Written by Anne Silver
“You won't forget a woman like her, easily anyway.
Once you cross paths with Magic, it's hard to see life the same.”
― Nikki Rowe
There are some books which we stumble upon at just the right time in our lives. Their titles call out to us from among the rows of dusty bookshelves. We pick them up with excited curiosity, asking ourselves, "What is this one all about?" Trusting our instinct, we dive into this sea of words, swimming through the paragraphs and pages. And when we emerge, when we finish the last page and close the book, we are somehow profoundly different. We no longer see ourselves or the world in the same way. The book becomes a part of who we are. Its story mingles with our own, its dog-eared pages incorporated into a certain chapter of our lives.
Women Who Run with the Wolves: Stories and Myths of the Wild Woman Archetype by Dr. Clarissa Pinkola Estés, PhD., (New York: Ballentine, 1992) was that book for me. Dr. Pinkola Estés, is a Jungian analyst, a first-generation American woman who grew up in a family that collected folk tales and handed them down to later generations in the same way that we hand down our treasured family heirlooms. This book uses the power of storytelling and metaphor as medicine, to help women discover and nurture the unadulterated, wild, feminine spirit within. It helps us to connect with our need to create, to discover our truths, and to tap into that passion. Creation, being an act of giving birth, allows us to bring forth something that comes from our deepest, most soulful places. Dr. Pinkola Estés helps us to recognize the traps that can stall our creativity, zap our inspiration, deplete our psychic energy. And she provides us with ways to learn to listen to our own wisdom, in order to release ourselves from the things that keep our spirits shackled and caged. Dr. Pinkola Estés writes: "Within every woman, there is a wild and natural creature, a powerful force, filled with good instincts, passionate creativity, and ageless knowing. Her name is Wild Woman, but she is an endangered species. Though the gifts of wildish nature come to us at birth, society's attempt to ‘civilize’ us into rigid roles has plundered this treasure and muffled the deep, life-giving messages of our own souls. Without Wild Woman, we become over-domesticated, fearful, uncreative, trapped."
The first time I saw Nikita Gross’ photographs, I was immediately flooded with thoughts of this iconic book. There is something of Dr. Pinkola Estés’ “Wild Woman” archetype in each of her photos. Using her own visual language, Nikita speaks to us of creation and connection, of giving birth, not just in the physical sense, but also in the spiritual sense, of the cycles and seasons in a woman’s life. There is something elemental, fundamental even, in the interplay between the women in her photos and their interaction with the natural world. She brings us into her world, into a place where we cross paths with magic.
“I hope you will go out and let stories, that is life, happen to you, and that you will work with these stories... water them with your blood and tears and your laughter till they bloom, till you yourself burst into bloom.”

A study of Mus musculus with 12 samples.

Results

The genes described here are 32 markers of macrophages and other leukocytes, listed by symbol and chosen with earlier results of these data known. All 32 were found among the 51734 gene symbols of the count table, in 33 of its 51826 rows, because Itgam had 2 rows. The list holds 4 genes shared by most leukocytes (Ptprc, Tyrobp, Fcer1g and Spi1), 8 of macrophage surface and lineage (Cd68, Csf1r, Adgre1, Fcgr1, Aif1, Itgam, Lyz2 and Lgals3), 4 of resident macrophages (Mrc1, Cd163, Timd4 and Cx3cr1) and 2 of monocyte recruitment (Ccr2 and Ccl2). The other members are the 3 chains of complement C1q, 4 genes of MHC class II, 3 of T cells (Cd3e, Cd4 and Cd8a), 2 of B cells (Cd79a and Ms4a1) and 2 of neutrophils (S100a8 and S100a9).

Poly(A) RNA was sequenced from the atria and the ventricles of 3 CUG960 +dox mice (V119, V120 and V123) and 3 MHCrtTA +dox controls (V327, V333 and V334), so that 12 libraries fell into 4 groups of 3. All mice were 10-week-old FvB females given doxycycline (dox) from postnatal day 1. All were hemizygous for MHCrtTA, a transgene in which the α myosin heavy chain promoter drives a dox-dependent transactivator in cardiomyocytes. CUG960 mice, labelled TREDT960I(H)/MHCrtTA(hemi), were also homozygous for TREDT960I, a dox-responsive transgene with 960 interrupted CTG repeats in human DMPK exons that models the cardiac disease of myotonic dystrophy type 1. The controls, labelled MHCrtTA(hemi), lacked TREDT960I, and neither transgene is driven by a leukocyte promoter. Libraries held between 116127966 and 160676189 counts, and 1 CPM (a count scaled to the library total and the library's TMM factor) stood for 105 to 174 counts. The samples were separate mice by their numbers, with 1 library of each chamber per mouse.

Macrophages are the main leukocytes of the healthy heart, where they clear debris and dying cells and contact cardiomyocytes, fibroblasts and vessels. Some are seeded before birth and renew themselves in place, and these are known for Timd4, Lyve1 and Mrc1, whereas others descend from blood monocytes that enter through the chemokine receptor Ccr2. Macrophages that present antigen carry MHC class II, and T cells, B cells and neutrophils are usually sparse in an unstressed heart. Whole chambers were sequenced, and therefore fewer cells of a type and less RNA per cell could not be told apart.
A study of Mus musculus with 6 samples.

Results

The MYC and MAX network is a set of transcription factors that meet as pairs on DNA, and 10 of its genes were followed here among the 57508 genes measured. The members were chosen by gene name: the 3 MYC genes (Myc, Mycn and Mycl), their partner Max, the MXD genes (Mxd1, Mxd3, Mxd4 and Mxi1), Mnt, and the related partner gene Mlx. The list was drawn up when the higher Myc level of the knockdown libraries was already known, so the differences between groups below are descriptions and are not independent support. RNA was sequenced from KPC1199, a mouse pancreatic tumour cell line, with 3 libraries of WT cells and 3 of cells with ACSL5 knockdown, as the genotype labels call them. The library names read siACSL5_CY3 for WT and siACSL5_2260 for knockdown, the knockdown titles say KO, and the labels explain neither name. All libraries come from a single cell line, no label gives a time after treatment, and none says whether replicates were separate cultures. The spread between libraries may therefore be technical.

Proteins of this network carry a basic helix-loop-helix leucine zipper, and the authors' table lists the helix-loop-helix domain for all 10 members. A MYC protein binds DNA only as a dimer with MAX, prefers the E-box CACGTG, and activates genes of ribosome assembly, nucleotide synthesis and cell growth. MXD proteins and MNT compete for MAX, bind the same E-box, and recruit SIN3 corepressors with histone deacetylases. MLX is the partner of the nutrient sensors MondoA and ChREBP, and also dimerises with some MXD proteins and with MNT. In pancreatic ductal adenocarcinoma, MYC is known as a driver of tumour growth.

In the way she brings her visions to life, in her carefully crafted compositions, in her juxtapositions of light and shadow, in her explorations of the sacred feminine, in her representations of the sacred, and in showing us what it means to surrender, body and soul...
Nikita Gross does exactly that— she and her visual stories burst into bloom.
“I’ll tell you right now, the doors to the world of the wild Self are few but precious. If you have a deep scar, that is a door, if you have an old, old story, that is a door. If you love the sky and the water so much you almost cannot bear it, that is a door. If you yearn for a deeper life, a full life, a sane life, that is a door.”
— Dr. Clarissa Pinkola-Estes, Phd. Women Who Run with the Wolves: Stories and Myths of the Wild Woman Archetype.
Nikita says, "Deeply inspired by mysticism and motherhood, my work is a representation of the feminine spirit that is the basis for all life. My work pays homage to mystery and portrays a sincere longing for that which is not known. I am attempting to release the power that lies beyond pain. The pinnacle of pleasure for me is creation. I become a conduit, an expression of the divine. Making art is my surrender, it is my prayer."
“I am not delicate.
I am skinny dipping at 2am;
I am dancing naked under the full moon and playing in the mud.
I am the reverberating echoes of a curse word ricocheting off the steeply sloping mountain you thought I couldn’t climb;
I am bare skin in the deepest depths of winter; I am the song of courage, and the melody of freedom you long to sing.
I am a fearless mother.
I am a passionate lover; a devoted friend.
I am the healer, the witch, the nurturing of your wounds.
I am the heat of a wildfire, the rage of a storm.
I am strong.
Delicate things are pretty-cute, even.
But I am not delicate.
I am wild, fierce and unpredictable.
I am breathtaking.
I am beautiful.
I am sacred.”
― Brooke Hampton
“The most important thing is to hold on, hold out, for your creative life, for your solitude, for your time to be and do, for your very life; hold on, for the promise from the wild nature is this: after winter, spring always comes.”
—Dr. Clarissa Pinkola Estés, PhD., Women Who run with the Wolves: Stories and Myths of the Wild Woman Archetype.
Nikita Gross lives in Cincinnati Ohio with her partner and son. She is a wedding and portrait photographer, celebrating life’s intimate moments through art.
Her Polaroid work has been showcased during EXPolaroid in Paris. She has also been featured in Hylas Magazine, Impossible Project Magazine, She Shoots Film Magazine, and Manifest Gallery Photography Annual.
She is currently creating work for her first solo show, planned for 2019.